Skip directly to Accessibility Notice
  • Emerging Markets Debt Daily

    China - Tiny Cut, Big Signal

    Natalia Gurushina, Economist, Emerging Markets Fixed Income
    November 05, 2019

    China’s central bank made a small cut in its benchmark rate, but signaled that large liquidity injections are not likely. South Africa’s consumer confidence took another big hit.

    China’s central bank (PBoC) surprised the market with a tiny 5bps cut in its key lending rate (1-year medium-term lending rate, or MLF) – presumably in order to lower the financing costs, especially for privately-owned and smaller companies. The move clearly signals that growth concerns trump risks associated with higher pork prices and their impact on headline inflation. So, monetary policy will remain accommodative for the foreseeable future. However, the PBoC’s decision to roll over the maturing MLF without a new liquidity injection also suggests that policy moderation will be key, with liquidity floodgates under strict control.

    South Africa’s consumer confidence took another big hit in Q3. The confidence index released by the Bureau for Economic Research unexpectedly dropped to the lowest level since 2017 (see chart below), wiping out all gains of the post-Jacob Zuma era. The reason we pay so much attention to this indicator is because consumption accounts for about 60% of South Africa’s gross domestic product (GDP). The consensus already expects the economy to expand by mere 0.6% in 2019 – the hesitating consumer can easily push it into recession (and the ensuing implications for fiscal performance and debt ratios).

    The highlight of the day in Brazil should be the government’s post-pension reform package. In the meantime, we keep ourselves occupied going through the central bank’s policy minutes, which confirmed newly-found cautious bias. The addition of a paragraph which talks about uncertainty regarding monetary transmission channels had “hawkish” undertones. So, the market is probably right to assume that the central bank will take a pause after delivering a 50bps rate cut in December.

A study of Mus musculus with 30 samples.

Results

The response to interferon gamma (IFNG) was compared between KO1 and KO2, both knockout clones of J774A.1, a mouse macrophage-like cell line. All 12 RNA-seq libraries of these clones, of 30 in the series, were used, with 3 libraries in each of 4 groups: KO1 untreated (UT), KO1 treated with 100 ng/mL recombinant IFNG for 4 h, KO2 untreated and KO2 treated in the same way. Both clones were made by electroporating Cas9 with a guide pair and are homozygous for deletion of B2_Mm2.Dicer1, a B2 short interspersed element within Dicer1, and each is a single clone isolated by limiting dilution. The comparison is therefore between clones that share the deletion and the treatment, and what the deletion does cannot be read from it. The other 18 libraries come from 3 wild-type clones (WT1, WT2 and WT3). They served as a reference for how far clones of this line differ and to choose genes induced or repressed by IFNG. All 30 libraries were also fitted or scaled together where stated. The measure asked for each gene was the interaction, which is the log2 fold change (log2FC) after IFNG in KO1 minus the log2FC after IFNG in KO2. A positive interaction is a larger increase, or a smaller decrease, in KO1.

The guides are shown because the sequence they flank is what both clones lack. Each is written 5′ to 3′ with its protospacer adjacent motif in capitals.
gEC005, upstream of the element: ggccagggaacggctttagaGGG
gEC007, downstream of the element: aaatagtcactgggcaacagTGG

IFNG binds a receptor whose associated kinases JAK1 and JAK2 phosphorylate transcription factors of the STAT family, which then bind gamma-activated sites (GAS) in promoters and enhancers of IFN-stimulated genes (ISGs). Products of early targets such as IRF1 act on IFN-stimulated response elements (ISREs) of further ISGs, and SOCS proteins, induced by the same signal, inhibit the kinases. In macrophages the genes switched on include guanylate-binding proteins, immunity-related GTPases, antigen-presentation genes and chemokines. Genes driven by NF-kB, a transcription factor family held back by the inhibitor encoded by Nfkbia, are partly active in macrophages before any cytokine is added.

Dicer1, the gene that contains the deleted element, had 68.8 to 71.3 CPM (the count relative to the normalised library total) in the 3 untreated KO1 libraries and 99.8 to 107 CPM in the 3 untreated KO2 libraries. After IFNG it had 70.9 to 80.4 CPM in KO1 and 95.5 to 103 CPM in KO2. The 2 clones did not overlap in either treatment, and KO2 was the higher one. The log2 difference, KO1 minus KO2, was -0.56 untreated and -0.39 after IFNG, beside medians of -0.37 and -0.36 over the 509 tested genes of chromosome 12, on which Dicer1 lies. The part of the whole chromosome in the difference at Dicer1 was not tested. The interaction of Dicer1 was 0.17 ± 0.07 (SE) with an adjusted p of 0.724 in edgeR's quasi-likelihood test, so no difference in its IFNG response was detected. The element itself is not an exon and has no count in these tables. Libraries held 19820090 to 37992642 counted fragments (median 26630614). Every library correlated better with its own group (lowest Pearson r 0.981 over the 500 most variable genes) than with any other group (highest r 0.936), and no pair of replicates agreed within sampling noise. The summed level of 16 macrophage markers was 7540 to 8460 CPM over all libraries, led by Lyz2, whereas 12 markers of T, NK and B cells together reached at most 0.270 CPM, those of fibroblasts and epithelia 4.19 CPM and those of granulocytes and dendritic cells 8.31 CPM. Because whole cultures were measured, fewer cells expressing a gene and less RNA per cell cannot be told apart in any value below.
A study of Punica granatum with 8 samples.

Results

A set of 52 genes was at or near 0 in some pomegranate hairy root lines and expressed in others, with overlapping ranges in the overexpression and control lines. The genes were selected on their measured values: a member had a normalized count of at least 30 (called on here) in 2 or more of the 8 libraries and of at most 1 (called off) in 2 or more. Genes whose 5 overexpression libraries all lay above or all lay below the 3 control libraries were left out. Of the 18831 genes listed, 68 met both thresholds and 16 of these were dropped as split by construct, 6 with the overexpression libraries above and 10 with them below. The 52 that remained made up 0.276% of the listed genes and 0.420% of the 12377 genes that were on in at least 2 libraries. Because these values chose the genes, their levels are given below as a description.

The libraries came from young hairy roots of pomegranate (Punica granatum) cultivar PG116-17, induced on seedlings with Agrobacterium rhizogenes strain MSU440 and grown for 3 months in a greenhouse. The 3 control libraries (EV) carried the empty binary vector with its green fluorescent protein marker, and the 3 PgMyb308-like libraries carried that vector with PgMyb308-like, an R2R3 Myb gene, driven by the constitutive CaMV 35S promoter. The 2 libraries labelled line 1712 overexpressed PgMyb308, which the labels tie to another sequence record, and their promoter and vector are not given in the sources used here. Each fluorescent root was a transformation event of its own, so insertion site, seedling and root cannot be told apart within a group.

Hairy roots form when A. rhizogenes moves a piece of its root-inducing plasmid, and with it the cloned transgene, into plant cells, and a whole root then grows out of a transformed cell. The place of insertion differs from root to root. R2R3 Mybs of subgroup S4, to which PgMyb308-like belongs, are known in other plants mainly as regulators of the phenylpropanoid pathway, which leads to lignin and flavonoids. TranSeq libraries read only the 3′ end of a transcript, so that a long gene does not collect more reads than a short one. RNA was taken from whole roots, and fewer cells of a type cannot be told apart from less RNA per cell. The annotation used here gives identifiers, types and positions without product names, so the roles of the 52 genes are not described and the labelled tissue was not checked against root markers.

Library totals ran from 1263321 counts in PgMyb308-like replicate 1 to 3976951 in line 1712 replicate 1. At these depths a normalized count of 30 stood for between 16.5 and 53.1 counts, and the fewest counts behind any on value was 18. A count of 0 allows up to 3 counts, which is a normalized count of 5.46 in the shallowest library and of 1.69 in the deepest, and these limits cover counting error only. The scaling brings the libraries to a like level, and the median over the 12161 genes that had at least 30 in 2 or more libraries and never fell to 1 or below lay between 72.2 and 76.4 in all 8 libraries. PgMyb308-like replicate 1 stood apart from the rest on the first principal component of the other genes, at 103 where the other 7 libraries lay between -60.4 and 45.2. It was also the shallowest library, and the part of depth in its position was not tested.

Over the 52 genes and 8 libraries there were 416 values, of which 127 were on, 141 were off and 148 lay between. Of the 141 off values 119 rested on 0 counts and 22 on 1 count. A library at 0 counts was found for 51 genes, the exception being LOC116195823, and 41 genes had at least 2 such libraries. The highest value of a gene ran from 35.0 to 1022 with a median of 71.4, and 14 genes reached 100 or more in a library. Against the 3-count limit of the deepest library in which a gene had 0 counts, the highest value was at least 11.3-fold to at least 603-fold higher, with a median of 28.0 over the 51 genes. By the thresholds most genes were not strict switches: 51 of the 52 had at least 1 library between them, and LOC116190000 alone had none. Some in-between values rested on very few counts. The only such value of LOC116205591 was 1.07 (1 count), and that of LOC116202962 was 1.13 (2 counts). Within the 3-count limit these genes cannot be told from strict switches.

Chart at a Glance: South Africa’s Collapsing Confidence

    Source: Bloomberg LP


    PMI – Purchasing Managers’ Index: economic indicators derived from monthly surveys of private sector companies; ISM – Institute for Supply Management PMI: ISM releases an index based on more than 400 purchasing and supply managers surveys; both in the manufacturing and non-manufacturing industries; CPI – Consumer Price Index: an index of the variation in prices paid by typical consumers for retail goods and other items; PPI – Producer Price Index: a family of indexes that measures the average change in selling prices received by domestic producers of goods and services over time; PCE inflation – Personal Consumption Expenditures Price Index: one measure of U.S. inflation, tracking the change in prices of goods and services purchased by consumers throughout the economy; MSCI – Morgan Stanley Capital International: an American provider of equity, fixed income, hedge fund stock market indexes, and equity portfolio analysis tools; VIX – CBOE Volatility Index: an index created by the Chicago Board Options Exchange (CBOE), which shows the market's expectation of 30-day volatility. It is constructed using the implied volatilities on S&P 500 index options.; GBI-EM – JP Morgan’s Government Bond Index – Emerging Markets: comprehensive emerging market debt benchmarks that track local currency bonds issued by Emerging market governments.; EMBI – JP Morgan’s Emerging Market Bond Index: JP Morgan's index of dollar-denominated sovereign bonds issued by a selection of emerging market countries; EMBIG - JP Morgan’s Emerging Market Bond Index Global: tracks total returns for traded external debt instruments in emerging markets.

    The information presented does not involve the rendering of personalized investment, financial, legal, or tax advice. This is not an offer to buy or sell, or a solicitation of any offer to buy or sell any of the securities mentioned herein. Certain statements contained herein may constitute projections, forecasts and other forward looking statements, which do not reflect actual results. Certain information may be provided by third-party sources and, although believed to be reliable, it has not been independently verified and its accuracy or completeness cannot be guaranteed. Any opinions, projections, forecasts, and forward-looking statements presented herein are valid as the date of this communication and are subject to change.

    Investing in international markets carries risks such as currency fluctuation, regulatory risks, economic and political instability. Emerging markets involve heightened risks related to the same factors as well as increased volatility, lower trading volume, and less liquidity. Emerging markets can have greater custodial and operational risks, and less developed legal and accounting systems than developed markets.

    All investing is subject to risk, including the possible loss of the money you invest. As with any investment strategy, there is no guarantee that investment objectives will be met and investors may lose money. Diversification does not ensure a profit or protect against a loss in a declining market. Past performance is no guarantee of future performance.